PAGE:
Researchers at Griffith University, as part of an international team, have identified changing ocean conditions that are leading to the new unique behaviours and mass humpback congregations.
While the phenomenon may be in response to climate change, it could also be a delight for whale watchers and researchers, with the sighting of supergroups of more than 200 whales becoming more common.
Griffith University whale researcher and Manager of the Griffith Whales and Climate Program, Dr Olaf Meynecke, said not only were the groups of whales growing larger, but they were also staying in the same spot and feeding for longer.
“While humpback whales in the Southern Hemisphere are known for annual migrations between the summer high-latitude Southern Ocean feeding grounds and the winter mating and calving grounds in subtropical coastal waters, feeding in such dense packs is unprecedented,” Meynecke said.
“We need to understand what is actually driving these events and how is it connected to the marine environments and what is changing.”
Meynecke said the supergroups that were observed off South Africa, that numbered as high as 500 whales, were generally gathering in the Spring months of October to December. However, supergroups had also begun appearing in April.
The researchers said the unusually large feeding groups of humpback whales in South Africa coincided with the changes in ocean circulation of the region and a higher-than-normal phytoplankton blooms.
“The animals seem to be triggered by a very unusual event in their region,” Meynecke said.
“What seems to have triggered it is that there was so much food. While they are very opportunistic, it doesn’t really make sense for a lot of large animals to stay around if there’s not enough food and they’ve stayed in the area for quite a long time.”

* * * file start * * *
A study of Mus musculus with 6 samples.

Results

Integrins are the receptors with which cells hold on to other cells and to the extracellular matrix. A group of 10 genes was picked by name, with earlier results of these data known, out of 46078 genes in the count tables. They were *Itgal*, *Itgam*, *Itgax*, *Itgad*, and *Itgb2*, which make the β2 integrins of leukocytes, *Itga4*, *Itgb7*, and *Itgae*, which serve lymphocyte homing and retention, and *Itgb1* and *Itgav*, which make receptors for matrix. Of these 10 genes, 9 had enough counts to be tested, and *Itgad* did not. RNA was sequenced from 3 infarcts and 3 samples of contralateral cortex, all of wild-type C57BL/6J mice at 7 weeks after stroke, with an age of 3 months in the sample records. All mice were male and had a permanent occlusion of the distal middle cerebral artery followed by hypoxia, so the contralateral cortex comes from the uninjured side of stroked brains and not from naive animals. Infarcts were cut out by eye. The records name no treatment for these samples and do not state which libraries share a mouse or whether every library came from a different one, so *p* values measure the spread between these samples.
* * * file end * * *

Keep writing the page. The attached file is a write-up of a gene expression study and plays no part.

Meynecke said the ocean current conditions in Australia were very different to those in South Africa, but larger groups of feeding humpback whales had begun gathering off the east coast.
“Unlike in South Africa the large whale pods that have started to show up in Australia only last for a short period of time, but supergroups of humpback whales off the coast of Australia are increasingly likely in the years to come,” he said.
“The animals are starting to appear in much larger numbers, and that’s not just because we’ve got more whales. In one year, it might have jumped from 40 to 50 animals, then in one year we went up to over 100 animals,” he said.
“There’s also the similar behaviour to in South Africa, so these animals must be communicating to each other to take advantage of the productivity in the ocean.”
He said it was not yet fully known what was driving the changes in ocean currents and productivity that was altering whale behaviour.
“There are signs that the major changes that are occurring in the marine environment and ocean circulation are driven by climate change,” he said.
“But the whales are starting to learn that they have to be at the right place at the right time. It’s fascinating – how do they manage to find these places and how do they communicate with the others?
“It cannot be random that we have so many animals show up at the same time, so they must be communicating with each other about these events. Are they talking about this during their migration or at their breeding grounds?
“It doesn’t make any sense that you would communicate this if there wasn’t enough food, so they’re communicating this for a reason, and it maybe that they have to do this now because the productivity of food in the ocean is changing.”